Feds Weigh New L.A. County Vineyard Area

Wineries and grapegrowers urge Antelope Valley winegrowing district

by Jane Firstenfeld
Antelope Valley
Antelope Valley Winery is one of only two operating in the proposed AVA.
Lancaster, Calif. -- The Alcohol and Tobacco Tax and Trade Bureau (TTB) is weighing approval of a third American Viticultural Area in the High Desert region northeast of Los Angeles. If approved, the Antelope Valley of the California High Desert AVA would join the Leona Valley and Sierra Pelona AVAs established in 2008 and 2010, respectively.

The Antelope Valley Winegrowers Association (AVWA), founded in 2006, was behind all three proposals, supported by nurseryman Ralph Carter, who drew up the petitions. A fourth application for a Tehachapi/Cummings Valley AVA, which would include part of neighboring Kern County, is currently on hold because it does not contain sufficient vineyard acreage.

The AVWA membership consists of about a dozen winegrape vineyards and five vintners, distributed among all four of the areas. With an annual production of some 18,000 cases and 90 acres of vineyards, Agua Dulce, the only winery in the Sierra Pelona AVA, is by far the largest. Two wineries operate within the proposed Antelope Valley AVA: 4,000-case Cameo Ranch & Winery and 2,500-case Antelope Valley Winery, both in Lancaster. Cameo Ranch farms 25 acres of vineyards; Antelope Valley Winery has a single acre at its Lancaster estate and more in the Leona Valley AVA, according to its wine club manager and AVWA president, Chantel Kilmer.

According to the petition, the proposed Antelope Valley AVA contains 665 square miles, bounded on three sides by the Tehachapi, San Gabriel and Sierra Pelona mountains and on the fourth by the Mojave Desert. In 2007, when Carter drafted the proposal, there were 128 acres planted to vineyards. Grapes were originally grown there in the late 1800s, but drought and Prohibition put an end to that.

The modern industry was founded in 1981, when Steve Godde, owner of Cameo, planted 5 acres. Valley precipitation ranges from 4 to 9 inches, with little or no snow, and the growing season is 240 to 260 days. Although an average of 110 days per year register high temperatures above 90°F, nights are mild, and the growing season extends from mid-March to early November. Boundary lines for the AVA closely follow the highest elevation of alluvial fans and terraces weathered from granite and other rocks in the surrounding mountains, providing deep loamy fine sand to loam and silty clay soils, well drained and aerated in the root zone and mineral rich with low to moderate fertility.

“We’re tickled” that TTB is considering the petition, Kilmer told Wines & Vines. She explained that, scattered among as many as four potential AVAs and numerous municipalities, AVWA members face special challenges with regard to zoning and use permits. Working together as a group, she hopes, may help to mitigate some of these headaches.

Antelope Valley Winery, for instance, is in Lancaster. The winery has a tasting room and permission to host weddings and other events. “But, you cross the street, and you’re in another town,” Kilmer explained. “At the winery, I’m standing in Lancaster, but 50 yards away, where I live across the street and down the block, I’m in Palmdale.”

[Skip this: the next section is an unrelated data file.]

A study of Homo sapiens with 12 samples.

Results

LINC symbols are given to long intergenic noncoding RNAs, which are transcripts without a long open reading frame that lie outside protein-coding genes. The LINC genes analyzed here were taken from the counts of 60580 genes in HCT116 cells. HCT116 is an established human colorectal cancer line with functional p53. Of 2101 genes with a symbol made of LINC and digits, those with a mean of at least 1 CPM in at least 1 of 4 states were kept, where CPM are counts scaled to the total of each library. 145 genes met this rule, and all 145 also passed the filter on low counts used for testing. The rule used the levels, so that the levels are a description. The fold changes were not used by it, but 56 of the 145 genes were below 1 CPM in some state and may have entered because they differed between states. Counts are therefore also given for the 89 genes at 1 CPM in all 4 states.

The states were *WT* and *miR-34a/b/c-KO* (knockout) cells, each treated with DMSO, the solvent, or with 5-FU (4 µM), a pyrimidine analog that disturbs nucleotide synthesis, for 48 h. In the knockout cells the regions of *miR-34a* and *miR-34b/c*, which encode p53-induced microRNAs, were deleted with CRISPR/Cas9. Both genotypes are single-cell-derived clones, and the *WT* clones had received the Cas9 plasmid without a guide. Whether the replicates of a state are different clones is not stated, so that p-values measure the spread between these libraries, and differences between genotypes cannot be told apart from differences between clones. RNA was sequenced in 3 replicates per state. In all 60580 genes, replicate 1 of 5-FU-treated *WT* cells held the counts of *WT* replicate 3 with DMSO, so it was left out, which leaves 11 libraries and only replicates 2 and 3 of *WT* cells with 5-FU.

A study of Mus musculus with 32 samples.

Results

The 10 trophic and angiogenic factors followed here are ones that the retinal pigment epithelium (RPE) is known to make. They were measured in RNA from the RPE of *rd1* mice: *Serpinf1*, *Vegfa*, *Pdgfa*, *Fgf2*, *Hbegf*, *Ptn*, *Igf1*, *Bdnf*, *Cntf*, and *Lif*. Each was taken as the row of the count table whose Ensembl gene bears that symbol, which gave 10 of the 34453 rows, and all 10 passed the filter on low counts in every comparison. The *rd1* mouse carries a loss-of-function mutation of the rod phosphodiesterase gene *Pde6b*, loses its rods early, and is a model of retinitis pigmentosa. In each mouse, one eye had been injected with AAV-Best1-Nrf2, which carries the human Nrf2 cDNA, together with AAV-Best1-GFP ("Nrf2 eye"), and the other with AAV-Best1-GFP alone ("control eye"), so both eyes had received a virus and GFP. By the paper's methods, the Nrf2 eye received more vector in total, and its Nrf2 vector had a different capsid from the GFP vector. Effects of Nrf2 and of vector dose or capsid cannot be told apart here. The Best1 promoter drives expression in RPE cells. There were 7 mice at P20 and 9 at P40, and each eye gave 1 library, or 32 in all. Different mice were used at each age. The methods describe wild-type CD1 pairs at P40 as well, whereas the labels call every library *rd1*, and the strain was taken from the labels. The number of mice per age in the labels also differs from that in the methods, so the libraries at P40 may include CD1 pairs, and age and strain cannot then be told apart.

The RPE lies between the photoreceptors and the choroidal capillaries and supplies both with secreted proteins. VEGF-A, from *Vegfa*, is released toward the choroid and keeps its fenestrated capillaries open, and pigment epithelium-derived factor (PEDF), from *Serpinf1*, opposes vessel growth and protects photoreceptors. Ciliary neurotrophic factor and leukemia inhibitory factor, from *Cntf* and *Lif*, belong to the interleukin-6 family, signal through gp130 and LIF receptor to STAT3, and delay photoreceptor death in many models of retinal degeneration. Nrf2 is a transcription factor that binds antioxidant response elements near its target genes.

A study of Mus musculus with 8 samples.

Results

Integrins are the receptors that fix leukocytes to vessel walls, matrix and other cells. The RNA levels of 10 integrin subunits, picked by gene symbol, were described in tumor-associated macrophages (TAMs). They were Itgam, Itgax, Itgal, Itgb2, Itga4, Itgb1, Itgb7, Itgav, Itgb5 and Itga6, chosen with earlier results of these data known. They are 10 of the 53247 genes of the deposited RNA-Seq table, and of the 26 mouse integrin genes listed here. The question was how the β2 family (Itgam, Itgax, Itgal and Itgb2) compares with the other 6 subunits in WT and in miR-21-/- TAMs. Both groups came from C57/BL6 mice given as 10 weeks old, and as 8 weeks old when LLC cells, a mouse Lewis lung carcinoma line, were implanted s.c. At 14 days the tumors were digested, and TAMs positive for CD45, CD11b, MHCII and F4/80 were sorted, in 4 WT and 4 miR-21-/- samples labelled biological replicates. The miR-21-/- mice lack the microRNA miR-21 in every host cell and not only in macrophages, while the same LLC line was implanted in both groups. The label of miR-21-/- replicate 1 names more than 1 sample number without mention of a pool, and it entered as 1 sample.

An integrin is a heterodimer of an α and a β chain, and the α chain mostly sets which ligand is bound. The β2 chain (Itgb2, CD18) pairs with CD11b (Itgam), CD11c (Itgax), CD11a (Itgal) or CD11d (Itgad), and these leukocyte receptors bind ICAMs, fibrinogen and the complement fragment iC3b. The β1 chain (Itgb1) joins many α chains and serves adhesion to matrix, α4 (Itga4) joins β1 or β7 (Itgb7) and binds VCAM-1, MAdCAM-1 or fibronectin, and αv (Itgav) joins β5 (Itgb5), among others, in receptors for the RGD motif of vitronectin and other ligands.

Shortly after the association was founded, AVWA’s leaders talked with officials from L.A. County, Lancaster and Palmdale to explain what the association was trying to achieve. Kilmer recalled, “Lancaster sat with us and worked things out. It went so smoothly. We took our draft to the county, worked it through; there were some variances, but we were trying to get them all alike.”

The group was not so lucky with the Palmdale municipal government, Kilmer said. “We took this to Palmdale: It’s been a year and half, and they won’t” go along with the association’s plans for tasting rooms and events. “The mayor is willing to listen; he’s always there like a friend.”

But the problem remains: The type of activities the association envisions require Major Conditional Use Permits (CUP), which cost some $3,000-$5,000. “We asked them to look at taking it to a Minor CUP ($1,500), and reducing the acreage requirements from 5 acres to 1 acre,” but efforts remain stalled, Kilmer said. Palmdale has recently been gentrifying, with a new mall and more modern stores, she reported, “It just screamed wineries,” she said, but so far (as in San Diego County’s Ramona AVA) the cries of this fledgling wine country have yet to be heard by Palmdale bureaucracy.

Interestingly, the city of Lancaster was at first “more worried about overuse of alcohol” than was Palmdale, Kilmer said. But even one of the area’s foremost neo-Prohibitionists acknowledged to her that the AVWA membership is proactively self-policing with regard to tastings. “Our bylaws are pretty strict,” she said. “We took suggestions from the TTB and the California Alcoholic Beverage Control. If they suggest half-ounce or 1-ounce pours, that’s our limit. And we don’t give away alcohol.”

Grapegrower and AVWA member Brad Sorsable, who sells his 1.5 acres of Cabernet Franc grapes to Antelope Valley Winery, said, “I wish they would allow tasting in Palmdale. Lancaster has approved, but if you’re in the Palmdale pocket, it’s a zoning issue. We’re hoping the new AVA will turn their heads.”

Read the proposal for the Antelope Valley California High Desert AVA and comment at ttb.gov/wine/wine-rulemaking.shtml. The public comment period closes Nov. 1, 2010.
Currently no comments posted for this article.